On the consultant side of the marketing business, we are constantly faced with a dilemma: How do we balance our clients’ need to see a fair assessment of an agency’s true capabilities with the exorbitant new business costs we know agencies will incur no matter how restrictive the original ground rules?

This is especially true in today’s uncertain times. Clients are becoming ever more careful with their marketing spend as the C-suite demands greater marketing ROI. So while paying stipends for pitches is becoming increasingly rare, clients are demanding more and more “free” work from agencies as a hurdle to winning new business.

This convergence is partly a function of the times, and partly brought on by our agency friends themselves. After years of “breaking the rules” in pitches, agencies are clearly paying the price now. Even when we, as consultants on the client-side, have requested from agencies that there be no creative at a particular stage, no rips or tone pieces, or no primary research, many agencies, nevertheless, will spend enormous amounts of time and money to do just what they’ve been given a “hall pass” to avoid. And as a matter of course, the clients accept these gifts because, after all, the agencies are doing it for “free.” Worse, clients are learning to expect these extras as part of the process.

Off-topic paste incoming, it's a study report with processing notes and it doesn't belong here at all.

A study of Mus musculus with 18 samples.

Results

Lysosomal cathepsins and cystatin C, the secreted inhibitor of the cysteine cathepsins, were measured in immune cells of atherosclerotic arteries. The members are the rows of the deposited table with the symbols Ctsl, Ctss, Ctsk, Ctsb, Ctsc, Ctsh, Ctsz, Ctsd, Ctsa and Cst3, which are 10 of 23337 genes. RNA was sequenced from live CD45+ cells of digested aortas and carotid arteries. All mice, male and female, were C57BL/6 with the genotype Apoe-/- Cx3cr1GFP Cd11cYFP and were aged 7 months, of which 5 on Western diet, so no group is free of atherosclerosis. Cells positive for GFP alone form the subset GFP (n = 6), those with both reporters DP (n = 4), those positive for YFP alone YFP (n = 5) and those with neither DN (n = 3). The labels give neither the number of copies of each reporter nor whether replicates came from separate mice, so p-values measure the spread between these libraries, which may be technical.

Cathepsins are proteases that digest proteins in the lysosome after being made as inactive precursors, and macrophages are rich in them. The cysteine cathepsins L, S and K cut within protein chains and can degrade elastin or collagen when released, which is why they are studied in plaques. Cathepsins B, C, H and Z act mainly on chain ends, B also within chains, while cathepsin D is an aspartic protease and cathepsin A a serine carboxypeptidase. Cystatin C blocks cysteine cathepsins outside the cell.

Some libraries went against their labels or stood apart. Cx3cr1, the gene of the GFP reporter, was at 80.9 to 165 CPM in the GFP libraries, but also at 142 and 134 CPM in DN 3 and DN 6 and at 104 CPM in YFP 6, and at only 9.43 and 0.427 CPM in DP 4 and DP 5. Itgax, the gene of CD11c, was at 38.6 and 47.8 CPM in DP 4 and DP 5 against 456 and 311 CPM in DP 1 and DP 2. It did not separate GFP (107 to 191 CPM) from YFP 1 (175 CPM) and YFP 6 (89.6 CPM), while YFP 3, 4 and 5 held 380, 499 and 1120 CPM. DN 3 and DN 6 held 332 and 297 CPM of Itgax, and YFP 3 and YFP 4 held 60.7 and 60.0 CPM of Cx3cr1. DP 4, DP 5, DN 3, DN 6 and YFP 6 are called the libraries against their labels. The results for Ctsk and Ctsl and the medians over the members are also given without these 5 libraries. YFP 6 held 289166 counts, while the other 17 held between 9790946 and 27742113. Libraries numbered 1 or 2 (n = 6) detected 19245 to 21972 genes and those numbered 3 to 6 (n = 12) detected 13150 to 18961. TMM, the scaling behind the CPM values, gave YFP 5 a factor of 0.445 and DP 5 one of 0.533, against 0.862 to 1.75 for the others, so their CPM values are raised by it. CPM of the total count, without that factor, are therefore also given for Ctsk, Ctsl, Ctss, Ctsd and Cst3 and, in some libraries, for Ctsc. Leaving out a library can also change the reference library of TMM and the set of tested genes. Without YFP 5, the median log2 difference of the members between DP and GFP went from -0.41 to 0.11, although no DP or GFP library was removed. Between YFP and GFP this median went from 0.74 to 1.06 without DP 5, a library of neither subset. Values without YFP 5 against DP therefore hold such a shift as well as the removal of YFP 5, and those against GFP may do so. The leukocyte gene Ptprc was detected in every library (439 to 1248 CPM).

Isn’t it about time we all get together—consultants, the 4A’s, the ANA and others—to develop some enforceable and mutually agreeable new business spending guidelines that stop the bleeding, and then abide by them? I know it’s hard to break what has become tradition, especially when breaking from the pack, when all of the “bright, shiny objects” will sometimes win the account. However, in the end, the greater damage (as we see it) is a diminishment of the great value you bring.

With the high cost of pitching business growing higher and higher with speculative work and other forms of taxation, shouldn’t we all act more responsibly? It’s a recession for heaven’s sake.